Sometimes when you think you’re an expert on a subject, you experience a humbling moment when you realize there’s far more to learn.
I’ve fought with severe anxiety and panic attacks since I was a seven-year-old boy. I thought it was safe to assume that if there was one topic I could be considered a master on because of first-hand experience, it was depression.
I remember a normal childhood suddenly interrupted in the second grade by extreme bouts of panic and anxiety every night for nearly a year, often lasting for several hours into the early morning and accompanied by intense nausea.
I began to learn to cope with major depression and panic attacks through a long, slow process. I didn’t deal with it well at all for a number of years. It took a long time – well into my 20s – before I was able to admit to myself that I actually had a problem.
I went through college, through stressful jobs, and through a handful of relationship crises with severe struggles. When my most intimate relationship ended and I was completely blindsided by an unexpected custody battle for my baby daughter, I entered an incredibly dark place.
Only by the love and support of family and friends and the extravagant grace of God was I able to come through that hard time. I was battered and scarred emotionally, but I’d been broken and was able to let go of myself and begin to heal in the truths of who I was in Christ and how God truly feels about me.
I learned how I’d unknowingly been complicit in many of my most difficult moments by harboring and allowing negative thought patterns to fester in my head and heart. I learned that the way I thought about myself and about life were incredibly important factors influencing the quality of my life.
Once I hit my 30s, I slowly began to find real peace. I still screwed up severely several times in life, but I began to understand what real repentance is and how to forgive myself.
So, as I said, if there’s one topic I felt I could be considered a master on, it was depression.
This is the context in which I found myself driving to work this morning when a thought occurred to me that I attribute to God: oh, wow, I’ve been in a low-grade base depression for most of my life, haven’t I?
I had been thinking about how good my life has been recently and remembering my recent struggles with finding meaning at my job. I hadn’t been able to solve the puzzle about why I’ve had such a hard time finding the motivation to fully invest myself in my work, and – as I seem to frequently entertain several fleeting trains of thought in near-succession – I casually remembered my daughter playfully giving me a hard time about staying up too late playing video games when I experienced an “Aha!” moment.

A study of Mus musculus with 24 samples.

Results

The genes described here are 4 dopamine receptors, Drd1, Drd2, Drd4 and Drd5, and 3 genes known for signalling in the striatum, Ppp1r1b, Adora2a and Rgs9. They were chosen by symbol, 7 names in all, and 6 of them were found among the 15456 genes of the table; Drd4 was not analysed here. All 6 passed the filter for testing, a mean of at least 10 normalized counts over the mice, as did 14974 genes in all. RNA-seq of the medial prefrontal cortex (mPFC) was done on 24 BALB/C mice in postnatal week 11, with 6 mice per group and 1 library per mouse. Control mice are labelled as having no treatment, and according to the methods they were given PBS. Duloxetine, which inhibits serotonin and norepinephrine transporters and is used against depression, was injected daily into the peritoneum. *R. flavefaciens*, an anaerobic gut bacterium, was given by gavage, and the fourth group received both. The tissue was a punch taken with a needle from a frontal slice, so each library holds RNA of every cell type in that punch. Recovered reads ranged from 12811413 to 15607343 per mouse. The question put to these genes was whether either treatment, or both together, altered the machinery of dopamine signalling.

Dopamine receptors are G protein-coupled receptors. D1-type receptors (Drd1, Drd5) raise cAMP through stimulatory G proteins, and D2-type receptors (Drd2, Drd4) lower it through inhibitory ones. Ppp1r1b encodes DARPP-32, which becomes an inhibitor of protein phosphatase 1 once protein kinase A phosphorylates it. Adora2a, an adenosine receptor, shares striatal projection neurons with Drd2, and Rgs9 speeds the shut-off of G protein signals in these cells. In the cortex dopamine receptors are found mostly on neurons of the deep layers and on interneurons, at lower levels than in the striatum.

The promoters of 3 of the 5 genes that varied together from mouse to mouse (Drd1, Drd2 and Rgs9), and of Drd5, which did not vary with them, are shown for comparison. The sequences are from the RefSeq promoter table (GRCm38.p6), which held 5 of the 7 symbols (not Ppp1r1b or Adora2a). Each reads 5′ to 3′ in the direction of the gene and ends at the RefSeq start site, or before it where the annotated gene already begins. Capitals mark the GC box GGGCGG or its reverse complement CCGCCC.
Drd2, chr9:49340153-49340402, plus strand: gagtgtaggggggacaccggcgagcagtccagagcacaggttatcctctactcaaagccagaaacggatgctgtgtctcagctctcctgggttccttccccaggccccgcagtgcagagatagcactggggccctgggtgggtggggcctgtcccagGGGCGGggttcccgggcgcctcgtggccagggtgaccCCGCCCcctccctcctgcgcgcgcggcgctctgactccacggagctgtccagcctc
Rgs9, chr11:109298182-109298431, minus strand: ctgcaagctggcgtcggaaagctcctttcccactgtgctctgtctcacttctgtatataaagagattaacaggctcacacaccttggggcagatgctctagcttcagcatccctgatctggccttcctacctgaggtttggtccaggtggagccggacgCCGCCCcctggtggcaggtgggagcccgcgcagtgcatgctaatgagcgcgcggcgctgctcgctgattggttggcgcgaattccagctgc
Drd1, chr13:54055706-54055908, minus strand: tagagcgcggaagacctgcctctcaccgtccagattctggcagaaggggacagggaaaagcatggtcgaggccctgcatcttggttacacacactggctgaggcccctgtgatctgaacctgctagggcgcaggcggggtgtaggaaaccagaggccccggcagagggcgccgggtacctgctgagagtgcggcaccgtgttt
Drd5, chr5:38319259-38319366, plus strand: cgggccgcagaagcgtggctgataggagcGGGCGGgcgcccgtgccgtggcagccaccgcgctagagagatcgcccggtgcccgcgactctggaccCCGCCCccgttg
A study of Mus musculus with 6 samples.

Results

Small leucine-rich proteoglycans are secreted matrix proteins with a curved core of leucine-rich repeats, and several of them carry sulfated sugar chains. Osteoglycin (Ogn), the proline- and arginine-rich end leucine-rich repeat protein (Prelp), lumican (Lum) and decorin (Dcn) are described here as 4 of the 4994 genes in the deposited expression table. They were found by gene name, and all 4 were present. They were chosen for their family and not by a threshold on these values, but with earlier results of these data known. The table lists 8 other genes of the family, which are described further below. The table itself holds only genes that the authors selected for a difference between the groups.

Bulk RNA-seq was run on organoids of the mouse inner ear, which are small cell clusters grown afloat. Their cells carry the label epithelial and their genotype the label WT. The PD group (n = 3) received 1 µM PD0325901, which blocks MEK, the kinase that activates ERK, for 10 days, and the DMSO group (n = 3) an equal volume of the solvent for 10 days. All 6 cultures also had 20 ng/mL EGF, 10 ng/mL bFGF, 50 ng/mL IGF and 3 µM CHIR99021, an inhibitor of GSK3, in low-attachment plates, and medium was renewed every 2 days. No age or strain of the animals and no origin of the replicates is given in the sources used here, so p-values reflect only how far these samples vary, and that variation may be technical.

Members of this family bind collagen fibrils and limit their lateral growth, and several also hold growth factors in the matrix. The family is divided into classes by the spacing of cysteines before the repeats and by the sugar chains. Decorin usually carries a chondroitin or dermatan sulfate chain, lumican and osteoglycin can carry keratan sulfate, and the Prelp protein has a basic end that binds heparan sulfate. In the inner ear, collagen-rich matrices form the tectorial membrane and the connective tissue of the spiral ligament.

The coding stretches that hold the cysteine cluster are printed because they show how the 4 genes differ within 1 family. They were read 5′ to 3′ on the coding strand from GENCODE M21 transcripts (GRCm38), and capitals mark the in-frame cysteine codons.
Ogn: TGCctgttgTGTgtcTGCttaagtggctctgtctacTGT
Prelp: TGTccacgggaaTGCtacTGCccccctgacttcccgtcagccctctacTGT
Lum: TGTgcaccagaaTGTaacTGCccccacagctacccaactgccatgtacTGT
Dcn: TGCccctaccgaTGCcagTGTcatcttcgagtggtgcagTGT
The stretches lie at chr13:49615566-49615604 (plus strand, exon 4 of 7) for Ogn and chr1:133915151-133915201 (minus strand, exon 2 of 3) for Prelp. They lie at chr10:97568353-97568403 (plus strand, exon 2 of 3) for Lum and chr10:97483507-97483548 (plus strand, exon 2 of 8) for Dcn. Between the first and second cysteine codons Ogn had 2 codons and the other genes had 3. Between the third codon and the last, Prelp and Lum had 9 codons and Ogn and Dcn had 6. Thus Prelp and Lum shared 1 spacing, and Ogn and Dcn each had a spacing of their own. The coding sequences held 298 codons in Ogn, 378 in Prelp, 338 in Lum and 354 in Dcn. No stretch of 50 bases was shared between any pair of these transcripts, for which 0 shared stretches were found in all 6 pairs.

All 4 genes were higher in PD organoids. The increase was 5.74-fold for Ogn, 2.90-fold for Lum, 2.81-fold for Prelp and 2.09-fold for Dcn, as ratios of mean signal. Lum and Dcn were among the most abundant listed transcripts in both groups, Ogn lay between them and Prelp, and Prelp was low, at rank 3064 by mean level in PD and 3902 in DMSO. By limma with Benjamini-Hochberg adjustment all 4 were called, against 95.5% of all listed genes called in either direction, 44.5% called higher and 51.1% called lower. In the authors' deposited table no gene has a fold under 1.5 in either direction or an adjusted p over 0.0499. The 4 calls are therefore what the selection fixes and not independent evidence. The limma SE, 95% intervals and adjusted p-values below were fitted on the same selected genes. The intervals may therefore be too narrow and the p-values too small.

Lack of motivation. Distracting myself from reality (video games; also reading and writing). A subtle weight to just going about my everyday life, a weight I’m accustomed to but one that nonetheless is present when I actually pay attention, that makes me tired both emotionally and physically.
Shoot. Sure enough, that’s depression.
That’s one of the tricky things about depression: it takes on many shapes and forms. Often – as in my case – you may not even realize that you or people you interact with are experiencing it. For me, it was incredibly easy to miss because, well, it’s more or less how I’ve been experiencing life in general for as long as I can remember: this is normal for me, so why should I consider it to be depression?
Because the symptoms fit the definition. Because I’ve known for a while that something wasn’t quite right, but I couldn’t place my finger on it.
Because I remember how I felt when I first started working as a youth director at my church when I was 21 and how full of life and energy I was, and I remember how – in no small part due to my own immaturity and mistakes – that feeling slowly left me until I lost myself and ultimately walled off that time of my life in shame, sorrow and regret.
I had been more fully alive once, hadn’t I? I did know what it was like to feel empowered and excited to do something I loved. I’d allowed the accumulation of experiences – many of which I’ve received healing from, but as with most things, likely only in part – to block my heart from finding that place of freedom I once knew.
I’d bought another lie without knowing it, hadn’t I? How could I let my heart return to that place when it resulted in me messing up so badly?
The truth: because it wasn’t due to my heart; it was my immaturity and several other factors, but not my heart.
Depression can affect each of us in so many different ways, both extreme and subtle. It can come from lies we’ve internalized; it can come from chemical imbalances in our brain; it can come from emotional and physical wounds and trauma we’ve experienced.
It’s often not something that a single conscious decision can overcome, but rather something that takes a long haul of healing to slowly work through. That healing comes in a variety of different forms that all have their appropriate place: counseling; prayer; medication; therapy.
It’s not a solitary journey, but one that requires family, be it by blood or by choice. It’s also a fight that may ebb and flow for the length of your life.
But the first step is being able to recognize that depression is present. Even when it’s the last thing in the world you expected to find.